It was January 26, 2016—and it was the worst day of Shelly Bayne’s life.
That was the day her doctor in Macon had to tell her and her husband, Ryan, that she would never have a baby of her own.
The couple, who live in Warner Robins, Georgia, just south of Macon, had been struggling to become pregnant for two years.
“I had never been on birth control since we were married, and I never conceived,” said Shelly, who celebrated her fourth wedding anniversary in January. “So in my mind, I knew something was wrong, but I didn’t know what it was.”
But when they met with fertility specialist Dr. William Butler in Macon, he gave it a name: endometriosis, a disorder that affects 1 in 10 women in the United States, in which the tissue lining the uterus grows out and envelops the ovaries, fallopian tubes and other pelvic organs.
Shelly’s disease was stage IV, the most severe, and she would go on to have two surgeries, spaced four months apart, to remove the overgrown tissue. Then her specialist tried intrauterine insemination. It didn’t work, and rather than waiting, he suggested the next step: in vitro fertilization.
But instead of a large program in a big city, Butler recommended Dr. Larisa Gavrilova-Jordan and Augusta University Reproductive Medicine and Infertility Associates.
“Someone I talked to went to a big city for her fertility treatment and said it was more like cattle being herded through an office,” Shelly said. “I didn’t want that experience—I wanted to feel a connection. We chose Dr. Gavrilova-Jordan, because our doctor spoke so highly of her and of the small office and its personal atmosphere.”
That first office visit required a six-hour roundtrip and signing “probably 200 pieces of paper,” but the experience was everything Shelly had hoped for.
“Dr. Gavrilova-Jordan was just very upbeat and very happy,” Shelly said. “She never made me feel like I was broken. I just had so much hope with her. I knew this was the person who was going to give me our baby.”
Shelly started the process, which also involved at-home injections to stimulate egg production. When an ultrasound scan showed that her follicles weren’t producing what was needed, Butler and Gavrilova-Jordan collaborated to place her on the highest dose possible.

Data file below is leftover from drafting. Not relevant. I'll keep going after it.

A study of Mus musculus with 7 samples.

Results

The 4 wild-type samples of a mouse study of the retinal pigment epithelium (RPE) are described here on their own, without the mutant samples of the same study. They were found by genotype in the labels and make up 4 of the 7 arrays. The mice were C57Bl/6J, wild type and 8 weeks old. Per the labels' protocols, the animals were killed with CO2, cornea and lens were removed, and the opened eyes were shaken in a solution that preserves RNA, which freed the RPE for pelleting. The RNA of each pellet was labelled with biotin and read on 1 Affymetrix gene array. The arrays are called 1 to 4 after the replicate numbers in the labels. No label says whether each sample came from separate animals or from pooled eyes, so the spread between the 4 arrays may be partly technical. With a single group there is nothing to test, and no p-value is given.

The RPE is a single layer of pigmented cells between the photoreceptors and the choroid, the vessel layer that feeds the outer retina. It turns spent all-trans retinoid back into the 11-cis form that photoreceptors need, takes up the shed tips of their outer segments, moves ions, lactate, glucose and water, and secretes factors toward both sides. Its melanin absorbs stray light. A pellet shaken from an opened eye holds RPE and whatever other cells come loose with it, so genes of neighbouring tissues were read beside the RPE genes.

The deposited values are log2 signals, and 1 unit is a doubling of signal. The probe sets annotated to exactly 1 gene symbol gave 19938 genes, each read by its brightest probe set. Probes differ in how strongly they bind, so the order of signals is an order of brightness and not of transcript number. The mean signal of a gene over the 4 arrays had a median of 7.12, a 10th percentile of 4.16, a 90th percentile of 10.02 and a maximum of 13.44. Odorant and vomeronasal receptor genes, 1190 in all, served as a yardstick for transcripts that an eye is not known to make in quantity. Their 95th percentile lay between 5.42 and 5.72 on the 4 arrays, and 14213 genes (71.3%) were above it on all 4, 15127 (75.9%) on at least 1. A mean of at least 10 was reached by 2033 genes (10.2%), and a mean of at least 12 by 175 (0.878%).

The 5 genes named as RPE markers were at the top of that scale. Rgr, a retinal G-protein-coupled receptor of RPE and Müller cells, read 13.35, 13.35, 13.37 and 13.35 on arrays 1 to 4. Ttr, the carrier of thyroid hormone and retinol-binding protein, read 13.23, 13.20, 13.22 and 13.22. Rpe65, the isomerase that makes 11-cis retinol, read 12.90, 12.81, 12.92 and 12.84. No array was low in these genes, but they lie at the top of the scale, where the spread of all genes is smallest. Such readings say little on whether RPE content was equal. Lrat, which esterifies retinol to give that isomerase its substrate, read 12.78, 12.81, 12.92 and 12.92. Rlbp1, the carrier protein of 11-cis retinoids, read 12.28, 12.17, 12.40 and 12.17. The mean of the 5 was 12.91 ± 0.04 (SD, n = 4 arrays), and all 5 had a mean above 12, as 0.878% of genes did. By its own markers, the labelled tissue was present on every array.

“I ended up with three eggs, only on the right ovary, and only one survived extraction,” Shelly said. “Dr. Butler told me that at my age, I should have produced 10 to 30 eggs.”
That’s when he had to deliver the devastating news, as gently as possible, that Shelly would never be able to have a baby using her own eggs.
But he also suggested a solution, also available through the office in Augusta: egg donation.
For Shelly, it was a hard concept to wrap her mind around. She and Ryan took a break—a vacation to Disneyworld to clear their heads. The couple had already talked about all the options before they had even started the IVF process—selling their cars to get additional financing, and Ryan had already said he would gladly use a sperm donor if that was where the issue lay. Egg donation suddenly didn’t seem quite so foreign.
They came back from their trip and contacted Butler and Gavrilova-Jordan: “Let’s do it.”
About a week later, Shelly curled up in bed and turned on the computer to start looking at potential egg donors. Online egg banks typically feature a series of childhood photos, as well as basic health information, on potential donors. She started sobbing, and Ryan tried to close the laptop, saying, “This is too much, let’s wait.” But Shelly stopped him through her tears: “That’s her. I found her.”
The smiling girl with the tan skin, dark brown hair and eyes was a spot-on match to Shelly’s own childhood photo, “down to the same ugly six-year-old haircut.”
It was nearly 11 p.m., and the egg bank called immediately to let Shelly and Ryan know that the donor was indeed available, and once they signed paperwork and paid the fee, the eggs were shipped to Augusta.
Shelly began injections to suppress ovulation and prepare her body for pregnancy, and two embryos were implanted on February 15 at Dr. Gavrilova-Jordan’s office in Augusta. And on February 28, at Butler’s office in Macon, she had the best day of her life: “I found out we were pregnant!”
Swayze Rose was born November 3, 2016, a calm, happy baby from the start—”with a ton of hair.”
“When you’re going through fertility treatments, and you throw in an egg donor who’s not your DNA, it’s scary, but even though she came from someone else’s egg, I’ve had that connection with her from moment one,” said Shelly. “Sometimes I still look at her and think, ‘Is she mine?’ And my husband says, ‘No one is coming to take her away. She’s yours.’ It took me a long time to believe it was real, but she’s a perfect baby. She’s just amazing. And I would really like to say thank you to all egg donors. From the bottom of my heart, thank you!”
If you’re experiencing infertility, there’s hope.
Augusta University Reproductive Medicine and Infertility Associates can help. Call us at 706-722-4434 or visit augustahealth.org/infertility.
To learn about our women’s health services and providers, call us at 706-721-4959 or visit augustahealth.org/women.